Shopping for a new car is by turns exciting, stressful, memorable and terrifying. When you head for the dealership, you are going to be facing an adversary that wants to put you into the highest priced car on the lot. What should you do? What should you know? Should you even go?
The Business section of Gildshire Magazines has your back. Here are the five steps necessary to make sure you get the right car.
1. Know to the Dollar How Much You Can Afford: Gather your last three months worth of pay stubs. Add them up, divide by three and multiply by 0.2. That is the most you can afford to lay out in car payments. When you add insurance into the mix, you’re looking at 25% of your net pay. It has to stop right there! The sporty little number that looks so good under showroom lights will be a source of resentment if it sucks the life out of your wallet.
2. Don’t Fall in Love With the First Pretty Face You See: If you know what class of car you want (economy, hybrid, sport, SUV, etc.) consider other cars in the same class. Like the looks and styling of the Prius? Take a peek at the Fusion too. Have you always wanted a Mustang? The Challenger may be less expensive, and ith as much curb appeal.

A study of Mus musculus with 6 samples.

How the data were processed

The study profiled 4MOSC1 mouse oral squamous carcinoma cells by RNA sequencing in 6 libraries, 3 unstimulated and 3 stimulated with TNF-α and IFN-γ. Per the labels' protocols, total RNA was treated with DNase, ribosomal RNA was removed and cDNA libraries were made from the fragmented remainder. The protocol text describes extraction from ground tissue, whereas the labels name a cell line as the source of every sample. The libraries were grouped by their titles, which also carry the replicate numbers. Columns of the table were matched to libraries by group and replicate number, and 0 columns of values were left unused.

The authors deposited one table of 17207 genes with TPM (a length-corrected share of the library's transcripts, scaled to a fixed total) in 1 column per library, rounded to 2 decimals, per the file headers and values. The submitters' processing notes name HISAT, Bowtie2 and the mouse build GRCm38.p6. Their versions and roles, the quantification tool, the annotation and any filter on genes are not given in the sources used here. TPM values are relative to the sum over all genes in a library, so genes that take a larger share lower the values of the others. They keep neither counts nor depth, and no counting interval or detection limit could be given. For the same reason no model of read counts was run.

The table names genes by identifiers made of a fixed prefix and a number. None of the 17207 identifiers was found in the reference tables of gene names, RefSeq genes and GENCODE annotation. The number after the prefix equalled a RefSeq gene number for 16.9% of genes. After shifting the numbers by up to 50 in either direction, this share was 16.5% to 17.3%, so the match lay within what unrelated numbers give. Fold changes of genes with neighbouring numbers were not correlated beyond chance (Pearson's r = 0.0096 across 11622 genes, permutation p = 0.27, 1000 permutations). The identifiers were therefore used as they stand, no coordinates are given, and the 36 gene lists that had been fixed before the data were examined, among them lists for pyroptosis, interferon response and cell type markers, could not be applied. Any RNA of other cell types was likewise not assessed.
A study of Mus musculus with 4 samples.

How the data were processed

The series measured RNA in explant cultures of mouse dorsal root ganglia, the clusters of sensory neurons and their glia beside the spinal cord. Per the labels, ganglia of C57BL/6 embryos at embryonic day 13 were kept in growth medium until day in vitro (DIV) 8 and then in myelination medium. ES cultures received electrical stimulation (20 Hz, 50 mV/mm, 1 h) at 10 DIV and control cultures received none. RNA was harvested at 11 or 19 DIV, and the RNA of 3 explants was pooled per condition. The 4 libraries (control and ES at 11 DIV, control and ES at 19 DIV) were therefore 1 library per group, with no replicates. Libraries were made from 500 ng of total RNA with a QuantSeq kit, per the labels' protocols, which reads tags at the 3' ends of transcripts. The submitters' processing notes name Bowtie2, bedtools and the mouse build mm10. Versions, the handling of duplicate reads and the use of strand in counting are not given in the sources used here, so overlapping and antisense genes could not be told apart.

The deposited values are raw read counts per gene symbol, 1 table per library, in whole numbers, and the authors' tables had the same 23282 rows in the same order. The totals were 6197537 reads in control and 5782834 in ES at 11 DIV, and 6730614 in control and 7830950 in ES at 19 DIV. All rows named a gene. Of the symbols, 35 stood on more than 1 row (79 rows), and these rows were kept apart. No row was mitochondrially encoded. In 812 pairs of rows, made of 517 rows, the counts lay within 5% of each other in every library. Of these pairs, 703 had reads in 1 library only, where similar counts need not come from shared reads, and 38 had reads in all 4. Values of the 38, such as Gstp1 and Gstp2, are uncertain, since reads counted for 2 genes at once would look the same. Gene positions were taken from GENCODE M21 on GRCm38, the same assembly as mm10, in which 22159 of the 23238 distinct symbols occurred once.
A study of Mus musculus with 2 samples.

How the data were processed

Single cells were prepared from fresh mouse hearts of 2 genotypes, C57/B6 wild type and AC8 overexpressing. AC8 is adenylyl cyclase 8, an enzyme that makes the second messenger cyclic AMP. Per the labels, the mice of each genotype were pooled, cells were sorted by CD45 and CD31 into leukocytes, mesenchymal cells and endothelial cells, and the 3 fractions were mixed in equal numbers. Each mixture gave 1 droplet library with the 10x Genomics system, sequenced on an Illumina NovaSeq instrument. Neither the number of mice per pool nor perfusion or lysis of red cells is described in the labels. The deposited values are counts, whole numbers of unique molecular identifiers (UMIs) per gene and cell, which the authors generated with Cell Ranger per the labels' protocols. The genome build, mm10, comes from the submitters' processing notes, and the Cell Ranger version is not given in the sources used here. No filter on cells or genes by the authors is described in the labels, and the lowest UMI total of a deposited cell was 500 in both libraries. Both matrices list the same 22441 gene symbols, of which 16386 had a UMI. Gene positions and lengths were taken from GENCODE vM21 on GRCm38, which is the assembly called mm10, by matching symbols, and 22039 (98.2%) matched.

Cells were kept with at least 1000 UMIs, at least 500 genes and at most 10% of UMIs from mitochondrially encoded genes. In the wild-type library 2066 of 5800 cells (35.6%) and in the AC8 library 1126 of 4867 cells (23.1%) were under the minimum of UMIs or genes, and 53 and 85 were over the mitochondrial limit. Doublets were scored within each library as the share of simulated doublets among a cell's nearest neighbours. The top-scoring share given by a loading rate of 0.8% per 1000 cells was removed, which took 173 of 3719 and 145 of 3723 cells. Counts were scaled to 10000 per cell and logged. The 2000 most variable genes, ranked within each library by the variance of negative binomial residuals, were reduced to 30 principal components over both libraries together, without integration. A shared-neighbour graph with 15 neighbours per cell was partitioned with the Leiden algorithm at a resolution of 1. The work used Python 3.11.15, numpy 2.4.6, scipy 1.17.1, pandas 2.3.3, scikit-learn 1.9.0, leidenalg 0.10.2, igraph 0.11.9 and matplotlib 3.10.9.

3. Know What Your Trade-In is Worth: There are many tools available to find out if you are getting a good value on your current vehicle. Kelley Blue Book is just one. There is also AutoTrader and Edmunds.com. The salesperson will know his/her boundaries if you can say, “This is what my trade-in is worth” as the dealing begins.
4. Perform an Informed Test Drive: If you have a long highway commute to work, a ten minute spin around the neighborhood won’t tell you what you need to know. Likewise, if you travel into the mountains a flatland test isn’t sufficient. Test drive the car just as you would drive the car in your day-to-day life. Test drive alone or with a friend or significant other. If the salesperson insists on coming along tell him/her that you will try another dealership.
5. Sleep on It: Walk away. The car-shopping experience takes the energy that you need to make a decision. Tomorrow morning, after a good night’s sleep, the answer will come to you. If it doesn’t, perhaps you haven’t found the right one yet.
Whatever car or truck you choose, take it easy for a week or so. No matter how much you love it, your new car is new to you. It drives differently, brakes differently, and handles differently than the vehicle that came before.